What You Don’t See

In June 1973 the last seven miles of Interstate 280 opened with great fanfare. Stretching from Raymundo Drive in Woodside to the Eugene Doran Memorial Bridge that crosses the canyon of San Mateo Creek, this final link completed some 50 miles of highway that was designed to blend with nature (as much as a six-lane freeway cutting through foothills possibly could). A Caltrans commemorative brochure from 1973 dubbed it “the world’s most beautiful freeway,” and waxed poetic about the scenery, the vistas, the waters, the woods, and the hills.

Today’s unspoiled vistas, enjoyed by millions of residents and visitors, are due to the hard work of Committee for Green Foothills and many others over the past 50 years.

Beginning with the Palo Alto Foothills, we turned back early schemes to develop all the way to Skyline Boulevard, cities and landowners that had planned massive development found themselves changing their plans and expectations. Here are some notable examples of things you don’t see along 280:

1) You don’t see a golf course, industrial park, luxury homes, or a high school on Stanford’s  foothill lands:  The oak-studded hills from Arastradero Road to Sand Hill Road remain open space and grazing lands, with a few low-intensity research facilities. This is thanks to Stanford University’s own decision 20 years ago to adopt smart-growth principles and concentrate development within the immediate campus area, east of Junipero Serra Boulevard. Previous generations of University officials had contemplated (1) relocating the historic Stanford golf course to a site near Felt Lake to free up room for campus expansion, (2) building an income-producing industrial park on the Webb Ranch next to Ladera, (3) locating luxury homes on top of Jasper Ridge’s world-famous biological preserve, (4) constructing a new high school on 40 acres of “Guernsey Field,” now part of the Horse Park at Woodside. Other discarded proposals along Sand Hill Road west of 280 included disposing of dirt on the former Christmas Tree Farm property (burying the oak woodland six to ten feet deep), a golf course at the Horse Park, and even a major sports stadium.

2) You don’t see a major freeway on Sand Hill Road:  The “Willow Freeway” was to begin at the bay, cut through Menlo Park generally along San Francisquito Creek, and follow the route of Sand Hill Road and La Honda Road up and over Skyline to San Gregorio on the coast. A revolt in Menlo Park and subsequent funding shortfalls sent the Willow Freeway to the dustbin of history.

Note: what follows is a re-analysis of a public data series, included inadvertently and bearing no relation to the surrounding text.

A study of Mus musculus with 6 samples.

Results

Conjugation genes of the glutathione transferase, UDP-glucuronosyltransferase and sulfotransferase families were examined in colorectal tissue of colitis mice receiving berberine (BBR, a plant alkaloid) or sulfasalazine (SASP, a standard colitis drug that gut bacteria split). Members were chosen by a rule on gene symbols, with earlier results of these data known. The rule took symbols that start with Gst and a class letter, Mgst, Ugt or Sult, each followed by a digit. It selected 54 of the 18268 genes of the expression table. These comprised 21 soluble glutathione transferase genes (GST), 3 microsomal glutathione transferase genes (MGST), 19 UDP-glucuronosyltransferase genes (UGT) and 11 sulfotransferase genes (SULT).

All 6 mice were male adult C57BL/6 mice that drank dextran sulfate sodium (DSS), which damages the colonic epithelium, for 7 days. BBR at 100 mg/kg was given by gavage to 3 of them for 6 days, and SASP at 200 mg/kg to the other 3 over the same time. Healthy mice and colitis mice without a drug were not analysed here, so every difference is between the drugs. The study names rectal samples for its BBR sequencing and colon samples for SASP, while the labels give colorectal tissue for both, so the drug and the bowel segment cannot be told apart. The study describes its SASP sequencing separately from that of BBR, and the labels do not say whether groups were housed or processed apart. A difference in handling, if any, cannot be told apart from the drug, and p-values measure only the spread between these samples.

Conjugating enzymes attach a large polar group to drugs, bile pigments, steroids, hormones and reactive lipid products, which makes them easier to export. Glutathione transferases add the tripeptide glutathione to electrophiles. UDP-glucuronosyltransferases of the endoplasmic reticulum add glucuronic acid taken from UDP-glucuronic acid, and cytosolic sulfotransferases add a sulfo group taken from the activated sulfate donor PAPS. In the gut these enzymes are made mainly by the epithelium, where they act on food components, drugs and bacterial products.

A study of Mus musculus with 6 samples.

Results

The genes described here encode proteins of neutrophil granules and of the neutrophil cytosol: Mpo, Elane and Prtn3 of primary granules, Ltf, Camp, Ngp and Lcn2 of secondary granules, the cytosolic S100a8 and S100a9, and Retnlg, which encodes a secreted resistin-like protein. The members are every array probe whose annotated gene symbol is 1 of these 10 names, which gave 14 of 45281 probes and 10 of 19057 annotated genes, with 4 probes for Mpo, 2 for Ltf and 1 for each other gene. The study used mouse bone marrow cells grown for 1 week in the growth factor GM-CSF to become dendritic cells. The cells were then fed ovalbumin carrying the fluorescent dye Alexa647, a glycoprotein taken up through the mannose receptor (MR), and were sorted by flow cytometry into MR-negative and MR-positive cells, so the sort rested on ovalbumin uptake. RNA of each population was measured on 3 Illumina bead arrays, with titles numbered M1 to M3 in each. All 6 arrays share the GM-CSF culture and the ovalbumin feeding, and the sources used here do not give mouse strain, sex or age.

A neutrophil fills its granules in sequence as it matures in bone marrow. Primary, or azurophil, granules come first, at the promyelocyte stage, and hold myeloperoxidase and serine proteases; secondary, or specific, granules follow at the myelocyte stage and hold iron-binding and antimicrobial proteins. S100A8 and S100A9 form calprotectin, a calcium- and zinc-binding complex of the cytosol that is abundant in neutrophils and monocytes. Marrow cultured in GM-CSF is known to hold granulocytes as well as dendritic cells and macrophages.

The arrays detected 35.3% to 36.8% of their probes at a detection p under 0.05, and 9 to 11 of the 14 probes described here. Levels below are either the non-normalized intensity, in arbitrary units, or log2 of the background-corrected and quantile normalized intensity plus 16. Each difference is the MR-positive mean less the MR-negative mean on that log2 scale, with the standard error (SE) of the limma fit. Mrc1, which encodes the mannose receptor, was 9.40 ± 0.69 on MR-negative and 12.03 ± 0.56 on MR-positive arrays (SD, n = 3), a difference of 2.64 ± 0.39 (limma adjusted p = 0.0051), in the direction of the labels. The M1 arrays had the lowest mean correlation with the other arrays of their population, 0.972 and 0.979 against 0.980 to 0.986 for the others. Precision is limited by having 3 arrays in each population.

3) You don’t see an extension of Edgewood Road to the coast:  Early county highway plans included the extension of Edgewood Road through the San Francisco watershed lands west of Cañada Road up and over Skyline to meet Higgins Purisima Road and Highway 1 near Half Moon Bay.

4) You don’t see homes, a state college, a research facility, or a golf course in Edgewood County Park and Preserve:  Originally porposed to be the site of 2,200 homes and condos (in the 1960s), a state college site (also in the ‘60s), a federal solar energy research facility (1976), and a golf course (late ‘70s), Edgewood County Park and Preserve now protects unique and rare serpentine grassland habitat as well as other important foothills habitats. Committee for Green Foothills and a coalition of over 20 environmental groups fought for that.

5) You don’t see 23,000 homes near Crystal Springs: The 23,000 acres of forests, chaparral, and grasslands that surround the lakes in the Crystal Springs watershed, stretching from Woodside to San Bruno, were zoned for residential development in the 1960s. A historic settlement among San Francisco, the federal government, San Mateo County, and Caltrans regarding the routing of Highway 280 resulted in scenic and recreational easements that protect the watershed from development.

6) You don’t see sports facilities in Crystal Springs Watershed near Woodside: Three golf courses plus tennis courts and an equestrian center in the southern area next to Woodside were part of a “recreational plan.” All of those proposals were dropped eventually, while Committee for Green Foothills and other environmental groups advocated for permanent protection of these lands. At the intersection of I-280 and Highway 92, Bob Lurie and the San Francisco Giants proposed a new baseball stadium. After Congresswoman Anna Eshoo arranged for a meeting among San Mateo County Planning, Committee for Green Foothills, and the Lurie representatives, this idea was quickly abandoned.

Lucky us here on the Peninsula! Instead of urban sprawl, people from all over the world marvel at the unspoiled vistas they enjoy along the “world’s most beautiful freeway” so close to the densely populated cities of the Peninsula.